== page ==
Bringing setTimeout to ECMAScript

Kyle Simpson getify at
Fri Mar 18 20:53:37 PDT 2011

>> Speaking as someone who has written and currently maintains a 
>> *synchronous* server-side JavaScript environment (based on V8), I attest 
>> to the statement that I would *not* like it if V8 had `setTimeout()` 
>> (...etc) in it, because unless V8 were going to take care of that 
>> completely black-box for me, then I'd have to either disable such 
>> interfaces, or figure out some more complicated functionality in my 
>> environment to handle the "concurrency".
> First, as a matter of principle, if it's in ES6 then V8 will implement. So 
> I'm told by people I trust.
>Second, what about your embedding is hostile to setTimeout, which is more 
>accurately weakly-isochronous than "asynchronous"?
>> I prefer they stay out of the engine, unless the engine is going to 
>> completely take care of it. The most important part of the engine "taking 
>> care of it" would be blocking the end of the program to wait for any 
>> outstanding event loop "turns" that had not yet fired, etc. Seems like 
>> that could get really messy.
> Read one way (the worst-case interpretation), this shows great confusion 
> about "threads suck", i.e., setTimeout requires no multi-threading. In no 
> scenario would there ever be multi-threaded blocking with races over 
> shared-mutalble state. What gave you this idea?
> Read another way, if you mean pseudo-threads implemented with setTimeout 
> never preempt one another but must all end before some larger notion of 
> "the program" ends, then what is the problem, exactly?

I understand that JavaScript doesn't have threads. I also understand that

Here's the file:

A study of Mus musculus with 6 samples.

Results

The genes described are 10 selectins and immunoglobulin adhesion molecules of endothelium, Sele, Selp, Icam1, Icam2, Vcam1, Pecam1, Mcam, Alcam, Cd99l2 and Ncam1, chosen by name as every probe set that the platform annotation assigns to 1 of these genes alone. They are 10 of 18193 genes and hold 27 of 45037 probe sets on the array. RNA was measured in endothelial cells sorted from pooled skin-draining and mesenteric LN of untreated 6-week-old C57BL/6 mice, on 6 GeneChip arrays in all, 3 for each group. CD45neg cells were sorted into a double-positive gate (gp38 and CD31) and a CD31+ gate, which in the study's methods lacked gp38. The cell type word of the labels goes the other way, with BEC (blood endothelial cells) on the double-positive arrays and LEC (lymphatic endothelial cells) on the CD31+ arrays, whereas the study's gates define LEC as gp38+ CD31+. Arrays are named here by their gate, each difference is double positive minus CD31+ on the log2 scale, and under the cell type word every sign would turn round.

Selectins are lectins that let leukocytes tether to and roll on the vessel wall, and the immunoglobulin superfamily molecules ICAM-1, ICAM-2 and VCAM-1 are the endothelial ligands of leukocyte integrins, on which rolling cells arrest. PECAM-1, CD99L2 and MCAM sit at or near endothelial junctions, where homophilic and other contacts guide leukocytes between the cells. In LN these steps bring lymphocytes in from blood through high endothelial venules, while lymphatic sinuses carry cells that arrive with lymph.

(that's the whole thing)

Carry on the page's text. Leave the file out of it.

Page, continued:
JavaScript doesn't have true concurrency. I furtermore understand that when 
I call `setTimeout(fn,1000)`, it queues up `fn` to run after at least 
1000ms, or later, at the next earliest "break" where there's a free "turn" 
for it to run.

What I was saying is, if I run this program through V8 right now (with its 
theoretical future support of setTimeout() included), then what will happen:

function fn() {
for (var i=0; i<10; i++) {

That for-loop will finish very quickly (probably <1 ms). Would V8 (or any 
other JS engine) "finish" in the sense that the calling embedding code 
thinks this program is completely finished, and it returns back control to 
the C/C++ embedding layer when:

a) right after the for-loop finishes; OR
b) after only the first call to `fn`, since it's timeout was effectively 0, 
and so would have been immediately after the main program finished; OR
c) after all of the queued up calls to `fn` have finished, about 9 seconds 

I have a C/C++ program that embeds the V8 API, and it loads up a bit of 
JavaScript from a file, and it tells V8 to execute that bit of code, then it 
loads up another file, and tells it to run that code, etc. What's 
problematic in my mind is if my hosting environment would be signaled that 
the first "program" finished, if there were still `fn`s that were queued up 
to be called. I would need the V8 execution API from my C/C++ code to be 
"blocked" and to wait for all of the "turns" of that code to be exhausted, 
and all the "isochronous" queued `fn` calls to finish, before letting me go 
on to run my next program.

In other words, to put it simply, if program A can call setTimeout(), and I 
want to run program A and then program B, I have to be able to make sure 
that I don't try to run program B until everything is fully finished in A. 
As V8 stands now, there's no way to do anything non-synchronous, so when A 
finishes, I know it's totally finished. I'm concerned that there'd be some 
new way with setTimeout()'s that this wouldn't be true.